Bitcoin Accepted in Starbucks, McDonald’s, and Everywhere in El Salvador
The citizens of El Salvador have been getting to know their new legal tender cryptocurrency bitcoin (BTC) – and have begun buying everything from Big Macs to freshly brewed coffee using the Lightning Network.
The state-issued Chivo crypto wallet overcame some initial teething issues on app stores and marketplaces to rocket to the top of the Apple store’s finance app download list – a fact that was immediately feted by the Salvadoran President Nayib Bukele.
From inside El Salvador, Mario Aguiluz, the Vice President of Sales at the Guatemalan brokerage IBEX Mercado shared a video of his purchase of a Starbucks coffee for BTC, with a transaction that took just moments to approve using his and a barista’s mobile phones.
This is to all the critics who said #Bitcoin would never be used to buy coffee. Just payed for mine at Starbucks in #ElSalvador. I just hope this doesn’t become the new 10,000 BTC pizza… pic.twitter.com/JXXGJbKKOG— Mario Aguiluz (@maguiluz301) September 7, 2021
He remarked that “El Salvador today feels like a scavenger hunt, discovering who else is accepting bitcoin.”
Add to that list Pizza Hut. Bart Mol, the Founder and Host of the Satoshi Radio Podcast, tweeted some of his adventures on “Bitcoin Day” in El Salvador, including a “fully non-custodial” transaction at the restaurant “using our own node back in the Netherlands” for a cost of “26 sats.”
“This is so dope,” he wrote.
Other international reporters also noted that they had enjoyed success with their bitcoin-spending efforts.
Just walked into a McDonald's in San Salvador to see if I could pay for my breakfast with bitcoin, tbh fully expecting to be told no.— Aaron van Wirdum (@AaronvanW) September 7, 2021
But low and behold, they printed a ticket with QR that took me to a webpage with Lightning invoice, and now I'm enjoying my desayuno traditional! pic.twitter.com/NYCkMNbv7U
Edward Snowden, who like Saylor also shared videos of major brands accepting BTC payments in San Salvador, chimed in, remarking :
“[There is] now pressure on competing nations to acquire bitcoin – even if only as a reserve asset – as its design massively incentivizes early adoption. Latecomers may regret hesitating.”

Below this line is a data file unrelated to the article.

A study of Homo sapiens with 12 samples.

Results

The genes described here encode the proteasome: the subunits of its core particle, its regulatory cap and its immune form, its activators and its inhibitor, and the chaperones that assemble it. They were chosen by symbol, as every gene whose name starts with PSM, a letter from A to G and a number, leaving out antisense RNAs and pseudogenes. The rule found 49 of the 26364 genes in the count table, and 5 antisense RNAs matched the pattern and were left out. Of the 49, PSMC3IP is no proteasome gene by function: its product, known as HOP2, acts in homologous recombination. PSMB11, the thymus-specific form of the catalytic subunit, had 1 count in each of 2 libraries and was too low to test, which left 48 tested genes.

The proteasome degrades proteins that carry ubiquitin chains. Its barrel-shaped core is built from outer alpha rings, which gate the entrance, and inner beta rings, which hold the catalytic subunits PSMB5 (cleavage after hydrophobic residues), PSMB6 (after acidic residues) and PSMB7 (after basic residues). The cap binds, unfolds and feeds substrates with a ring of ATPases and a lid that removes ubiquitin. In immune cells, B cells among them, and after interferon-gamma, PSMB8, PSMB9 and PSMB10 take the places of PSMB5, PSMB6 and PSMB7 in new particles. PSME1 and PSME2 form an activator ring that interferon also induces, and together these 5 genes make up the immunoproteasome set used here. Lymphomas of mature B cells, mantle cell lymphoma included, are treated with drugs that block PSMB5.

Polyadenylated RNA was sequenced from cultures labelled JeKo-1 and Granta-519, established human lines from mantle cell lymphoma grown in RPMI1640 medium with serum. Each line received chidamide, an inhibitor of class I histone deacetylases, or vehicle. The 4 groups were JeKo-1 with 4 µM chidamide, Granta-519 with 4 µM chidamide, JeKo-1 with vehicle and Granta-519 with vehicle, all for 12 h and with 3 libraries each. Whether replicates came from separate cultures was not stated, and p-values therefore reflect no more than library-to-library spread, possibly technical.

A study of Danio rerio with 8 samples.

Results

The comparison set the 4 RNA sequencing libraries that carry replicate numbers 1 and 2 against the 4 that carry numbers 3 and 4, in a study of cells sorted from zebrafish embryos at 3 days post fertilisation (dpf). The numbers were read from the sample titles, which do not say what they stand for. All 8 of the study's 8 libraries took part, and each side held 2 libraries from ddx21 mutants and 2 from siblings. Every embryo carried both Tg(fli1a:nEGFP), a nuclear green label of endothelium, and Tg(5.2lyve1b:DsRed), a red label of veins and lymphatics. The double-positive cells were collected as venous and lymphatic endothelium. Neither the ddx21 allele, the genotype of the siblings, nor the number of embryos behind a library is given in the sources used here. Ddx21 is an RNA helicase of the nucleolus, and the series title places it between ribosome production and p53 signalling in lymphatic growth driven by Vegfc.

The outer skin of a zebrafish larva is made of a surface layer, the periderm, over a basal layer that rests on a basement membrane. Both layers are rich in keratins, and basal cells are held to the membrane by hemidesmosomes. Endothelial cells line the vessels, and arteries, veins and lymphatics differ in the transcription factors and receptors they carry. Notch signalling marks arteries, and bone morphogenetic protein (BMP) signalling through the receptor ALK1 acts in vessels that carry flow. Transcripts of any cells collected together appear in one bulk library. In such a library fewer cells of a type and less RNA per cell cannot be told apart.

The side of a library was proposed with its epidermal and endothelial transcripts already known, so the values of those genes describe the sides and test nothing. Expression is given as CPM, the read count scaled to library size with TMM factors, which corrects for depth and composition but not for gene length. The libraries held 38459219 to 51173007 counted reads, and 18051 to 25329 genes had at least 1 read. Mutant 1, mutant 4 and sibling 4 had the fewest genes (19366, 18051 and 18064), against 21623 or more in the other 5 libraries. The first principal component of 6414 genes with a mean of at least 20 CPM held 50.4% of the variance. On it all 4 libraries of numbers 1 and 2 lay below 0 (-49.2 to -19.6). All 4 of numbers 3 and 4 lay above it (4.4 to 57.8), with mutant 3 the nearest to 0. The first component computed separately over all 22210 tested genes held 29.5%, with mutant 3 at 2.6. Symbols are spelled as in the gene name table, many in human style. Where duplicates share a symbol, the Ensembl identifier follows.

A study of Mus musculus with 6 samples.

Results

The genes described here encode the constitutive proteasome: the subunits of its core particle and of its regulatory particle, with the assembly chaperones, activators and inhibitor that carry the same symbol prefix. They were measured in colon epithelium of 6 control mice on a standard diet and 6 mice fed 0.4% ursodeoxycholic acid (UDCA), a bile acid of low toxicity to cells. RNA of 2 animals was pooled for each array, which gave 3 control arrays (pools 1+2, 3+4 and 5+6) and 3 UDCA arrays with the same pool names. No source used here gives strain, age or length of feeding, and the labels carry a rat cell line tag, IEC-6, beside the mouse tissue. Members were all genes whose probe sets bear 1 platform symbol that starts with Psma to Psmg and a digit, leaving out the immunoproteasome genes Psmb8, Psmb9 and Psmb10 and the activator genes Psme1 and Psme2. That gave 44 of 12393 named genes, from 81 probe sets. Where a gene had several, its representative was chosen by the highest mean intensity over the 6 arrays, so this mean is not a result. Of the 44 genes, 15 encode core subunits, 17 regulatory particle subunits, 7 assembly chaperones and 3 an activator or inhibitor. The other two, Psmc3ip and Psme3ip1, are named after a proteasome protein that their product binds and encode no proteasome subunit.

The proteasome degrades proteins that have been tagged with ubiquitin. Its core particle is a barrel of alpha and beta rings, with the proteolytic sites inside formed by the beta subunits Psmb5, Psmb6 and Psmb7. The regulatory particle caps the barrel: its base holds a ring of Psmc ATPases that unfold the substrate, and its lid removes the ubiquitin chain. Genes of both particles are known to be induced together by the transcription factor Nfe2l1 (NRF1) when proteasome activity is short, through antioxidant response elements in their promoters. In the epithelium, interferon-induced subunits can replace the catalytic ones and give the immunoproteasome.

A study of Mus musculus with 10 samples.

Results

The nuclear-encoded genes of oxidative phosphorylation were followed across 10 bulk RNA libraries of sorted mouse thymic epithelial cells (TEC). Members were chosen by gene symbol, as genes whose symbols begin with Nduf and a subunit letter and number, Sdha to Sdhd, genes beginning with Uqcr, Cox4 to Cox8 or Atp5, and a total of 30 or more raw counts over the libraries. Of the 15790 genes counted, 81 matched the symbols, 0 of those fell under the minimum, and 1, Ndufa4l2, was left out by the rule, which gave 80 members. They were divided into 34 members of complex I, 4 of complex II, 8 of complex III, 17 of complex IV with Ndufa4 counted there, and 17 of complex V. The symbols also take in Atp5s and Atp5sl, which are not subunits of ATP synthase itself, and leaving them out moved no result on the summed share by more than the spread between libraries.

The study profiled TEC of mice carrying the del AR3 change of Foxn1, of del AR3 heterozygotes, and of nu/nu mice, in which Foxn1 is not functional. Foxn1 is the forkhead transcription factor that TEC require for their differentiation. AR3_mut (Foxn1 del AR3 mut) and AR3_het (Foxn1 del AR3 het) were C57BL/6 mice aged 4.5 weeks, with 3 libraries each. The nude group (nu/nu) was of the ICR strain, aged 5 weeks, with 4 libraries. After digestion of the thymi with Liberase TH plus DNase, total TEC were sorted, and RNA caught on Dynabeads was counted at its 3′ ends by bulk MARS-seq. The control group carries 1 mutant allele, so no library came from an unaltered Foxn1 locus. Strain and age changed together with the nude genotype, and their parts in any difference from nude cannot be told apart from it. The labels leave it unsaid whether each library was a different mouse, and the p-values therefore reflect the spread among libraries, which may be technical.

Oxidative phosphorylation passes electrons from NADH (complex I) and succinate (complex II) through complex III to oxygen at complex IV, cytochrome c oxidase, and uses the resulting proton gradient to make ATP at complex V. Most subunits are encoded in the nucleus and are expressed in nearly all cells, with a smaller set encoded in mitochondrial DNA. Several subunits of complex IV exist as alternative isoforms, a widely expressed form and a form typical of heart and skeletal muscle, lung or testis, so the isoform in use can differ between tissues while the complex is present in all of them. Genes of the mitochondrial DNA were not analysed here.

A triumphant Jack Mallers, the CEO of Strike, the company that has partnered with Bukele on his Lightning journey, also provided video evidence of a “friend” converting BTC to cash in a “fee-free” transaction using one of the government’s new BTC ATMs.
My friend was then able to cash out at one of the many @chivowallet ATMs, walking away with cold hard cash.— Jack Mallers (@jackmallers) September 7, 2021
Did he need a bank account? Nope.
Did we need @WesternUnion? Nope.
Did he need to use a specific wallet or get specific permissions? Nope.
Were there fees? Nope. pic.twitter.com/hIs5HSzbyE
Meanwhile, domestic companies were also active, hoping to ensure they were not crowded out of the crypto-commerce parties by big-name global brands like Starbucks and Pizza Hut.
A plethora of local businesses took to social media channels to explain that they were also accepting BTC pay – from organic “gourmet cafes” and recording studios to women’s fashion brands and telecoms providers.
Even dry-cleaners and dentists were getting in on the act.
En Mr jeff, aceptamos Bitcoin. pic.twitter.com/8pzRkZdMZL— Mr. Jeff Santa Tecla (@jeff_tecla) September 7, 2021
But there was also no shortage of pushback. El Diario de Hoy reported that “hundreds” of Salvadorans had taken to the streets in a “massive” protest against the new law, which made BTC legal tender as of midnight yesterday.
The same media outlet highlighted possible privacy concerns with the state-issued software. It noted that the Chivo app requests that users grant it microphone, camera, and storage access, as well as access to their contacts.
The newspaper quoted a computer scientist as stating:
“There are other digital wallets that do not request or need that kind of information. It’s unnecessary.”
A local software programmer said that this was an example of “very bad practice in terms of privacy and data protection.”